Wichita Public Schools

file photo / Kansas News Service

Wichita Public School teachers are receiving a more than a 3.5 percent increase in salary. In Topeka, the increase is nearly 8 percent, that district's largest in 26 years.

School districts across Kansas are raising salaries, restoring cut positions and adding new jobs.

Stephan Bisaha / KMUW

Wichita Public Schools will soon start another school year with a shortage of substitute teachers.

While the school district has fewer vacant teaching jobs this year, long-term substitutes will fill some of the remaining positions. That takes more substitutes out of the already small pool used to cover absent teachers.

When a substitute isn’t available to cover a class, those students are spread among other classrooms for the day, overloading the class sizes for some teachers.

Stephan Bisaha / KMUW

Wichita Public Schools welcomed hundreds of new teachers to the district at a new staff orientation Thursday morning.

The new teachers were greeted at Wichita Northwest High School with cheerleaders, a photo booth and a marching band.

“I am very excited to be starting the school year,” said Mike Flaigle, who will teach sixth-, seventh- and eighth-grade math at Horace Mann Dual Language Magnet.

The number of vacant teaching positions in the district has been cut in half, from more than 100 last year to 54 this year.

KMUW/File photo

A 3.65 percent raise would be in store for Wichita teachers under a tentative agreement between the Wichita Board of Education and the local teachers union.

The tentative agreement for the 2018-19 school year includes a compensation package valued at 4.85 percent.

This is the first time in years that the United Teachers of Wichita and the board have reached an agreement before the start of the school year. Last year’s negotiation extended into November.

Stephan Bisaha / KMUW

Wichita’s school board heard the first draft of the district’s $686 million budget Monday night.

The new budget represents an increase of $43 million over last year's budget. Of the new money, $25 million is locked in for funds like KPERS while the remaining $18 million exists in the more flexible general, supplemental and weighted funds.

The main driver of the larger budget is increased state aid. Higher property values also helped. The mill levy rate is also being lowered with the new budget.

The increased funding is a break from years of shrinking budgets.

Stephan Bisaha / KMUW

In negotiations with the local teachers union, Wichita Public Schools is offering a compensation package for teachers representing a 4.7 percent increase. That would be an additional $2,350 for the average teacher's salary.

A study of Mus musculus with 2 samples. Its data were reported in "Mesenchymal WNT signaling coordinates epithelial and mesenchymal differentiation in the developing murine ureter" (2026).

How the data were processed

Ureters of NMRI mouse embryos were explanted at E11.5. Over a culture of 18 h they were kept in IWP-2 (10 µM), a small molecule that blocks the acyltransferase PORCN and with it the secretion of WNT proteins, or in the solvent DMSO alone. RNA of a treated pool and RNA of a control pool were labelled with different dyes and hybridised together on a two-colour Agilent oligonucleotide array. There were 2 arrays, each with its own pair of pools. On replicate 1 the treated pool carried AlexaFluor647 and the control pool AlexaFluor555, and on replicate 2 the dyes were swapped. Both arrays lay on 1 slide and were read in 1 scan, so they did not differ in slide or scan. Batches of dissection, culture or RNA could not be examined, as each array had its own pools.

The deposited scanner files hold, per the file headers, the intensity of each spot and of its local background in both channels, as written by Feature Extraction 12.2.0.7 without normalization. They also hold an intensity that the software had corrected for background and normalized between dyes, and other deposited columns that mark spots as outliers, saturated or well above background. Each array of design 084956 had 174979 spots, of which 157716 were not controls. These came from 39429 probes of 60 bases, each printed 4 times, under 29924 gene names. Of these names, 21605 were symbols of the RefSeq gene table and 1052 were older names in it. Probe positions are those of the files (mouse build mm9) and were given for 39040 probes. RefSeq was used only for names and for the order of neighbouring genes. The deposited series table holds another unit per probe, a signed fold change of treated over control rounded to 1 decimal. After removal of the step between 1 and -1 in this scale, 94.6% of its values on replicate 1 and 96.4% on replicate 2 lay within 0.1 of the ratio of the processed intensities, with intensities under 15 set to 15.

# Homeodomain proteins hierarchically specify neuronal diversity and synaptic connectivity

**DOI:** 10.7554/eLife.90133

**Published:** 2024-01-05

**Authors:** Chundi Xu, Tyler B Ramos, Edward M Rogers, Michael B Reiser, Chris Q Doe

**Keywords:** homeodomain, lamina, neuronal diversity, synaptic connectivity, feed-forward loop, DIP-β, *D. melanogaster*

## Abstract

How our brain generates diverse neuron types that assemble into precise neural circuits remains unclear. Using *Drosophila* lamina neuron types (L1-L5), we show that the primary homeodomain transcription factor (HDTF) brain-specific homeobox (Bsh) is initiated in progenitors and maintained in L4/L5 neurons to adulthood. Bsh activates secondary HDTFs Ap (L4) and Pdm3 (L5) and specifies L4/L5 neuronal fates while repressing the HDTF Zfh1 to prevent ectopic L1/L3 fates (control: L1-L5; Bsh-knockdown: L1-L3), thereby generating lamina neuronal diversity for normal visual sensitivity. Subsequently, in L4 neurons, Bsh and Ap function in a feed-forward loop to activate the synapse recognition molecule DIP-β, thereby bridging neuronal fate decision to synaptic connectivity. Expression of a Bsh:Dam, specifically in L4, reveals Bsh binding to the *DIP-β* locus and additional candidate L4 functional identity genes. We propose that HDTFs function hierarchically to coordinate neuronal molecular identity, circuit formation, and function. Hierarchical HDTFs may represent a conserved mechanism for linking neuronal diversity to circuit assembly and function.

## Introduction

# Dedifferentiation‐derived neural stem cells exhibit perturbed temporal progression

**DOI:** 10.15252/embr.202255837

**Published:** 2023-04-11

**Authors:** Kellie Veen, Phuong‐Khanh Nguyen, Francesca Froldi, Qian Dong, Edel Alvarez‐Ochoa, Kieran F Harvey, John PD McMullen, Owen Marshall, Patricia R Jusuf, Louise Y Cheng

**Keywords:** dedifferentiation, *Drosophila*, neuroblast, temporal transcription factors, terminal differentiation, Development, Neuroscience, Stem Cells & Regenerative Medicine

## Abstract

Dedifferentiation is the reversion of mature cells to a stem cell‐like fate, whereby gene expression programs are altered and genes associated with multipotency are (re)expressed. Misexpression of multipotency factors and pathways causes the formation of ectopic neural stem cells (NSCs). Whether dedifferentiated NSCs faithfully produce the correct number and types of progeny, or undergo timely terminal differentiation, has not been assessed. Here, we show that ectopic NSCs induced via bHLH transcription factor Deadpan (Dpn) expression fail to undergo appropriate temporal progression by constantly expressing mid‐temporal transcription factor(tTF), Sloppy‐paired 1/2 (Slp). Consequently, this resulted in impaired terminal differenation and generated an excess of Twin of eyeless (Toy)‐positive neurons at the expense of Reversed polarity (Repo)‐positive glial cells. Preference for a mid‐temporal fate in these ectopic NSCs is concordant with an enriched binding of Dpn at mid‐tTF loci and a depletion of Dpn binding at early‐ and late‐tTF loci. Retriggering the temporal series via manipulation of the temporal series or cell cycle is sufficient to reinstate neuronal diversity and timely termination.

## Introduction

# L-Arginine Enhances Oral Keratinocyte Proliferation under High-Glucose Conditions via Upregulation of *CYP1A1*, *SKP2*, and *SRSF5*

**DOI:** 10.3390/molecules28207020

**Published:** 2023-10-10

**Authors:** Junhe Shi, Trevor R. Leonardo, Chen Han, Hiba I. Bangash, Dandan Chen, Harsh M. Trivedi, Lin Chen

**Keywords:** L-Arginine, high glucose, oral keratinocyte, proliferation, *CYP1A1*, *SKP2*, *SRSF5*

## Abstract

Historic Bremen / flickr Creative Commons

Wichita Public Schools is expanding its credit recovery options for high school students struggling to earn enough credits to graduate.

Learning centers will be available for ninth- through 12th-grade students at each of the district’s comprehensive high schools in the fall. High school students will be able to use the centers to make up credits by taking a credit recovery course instead of an elective.

Stephan Bisaha / KMUW

Some Wichita residents are upset about fences being erected around elementary school playgrounds.

The fences were approved last May during a Board of Education meeting. Fences are to go up around the playgrounds at all of the district’s elementary schools.

During Monday’s school board meeting, members cited the safety of children as the reason for the fencing, with $230,000 dedicated to the project set to be finished before the end of the year.

Wichita’s former Metro-Boulevard Alternative High School is re-opening Friday as an art gallery and studio space.

The new Studio School has 16 art studios, a meeting space, an art gallery and a commercial kitchen.

Stephan Bisaha / KMUW

The Wichita School Board on Thursday applauded an update regarding the Kansas Supreme Court's recent ruling on school funding.

"The possibility of a shutdown no longer exists," Susan Willis, the district's chief financial officer, told board members. "So school will commence on time."

The court said a school finance plan passed earlier this year still isn't adequate, but gave the Kansas Legislature another year to account for inflation in its school funding formula.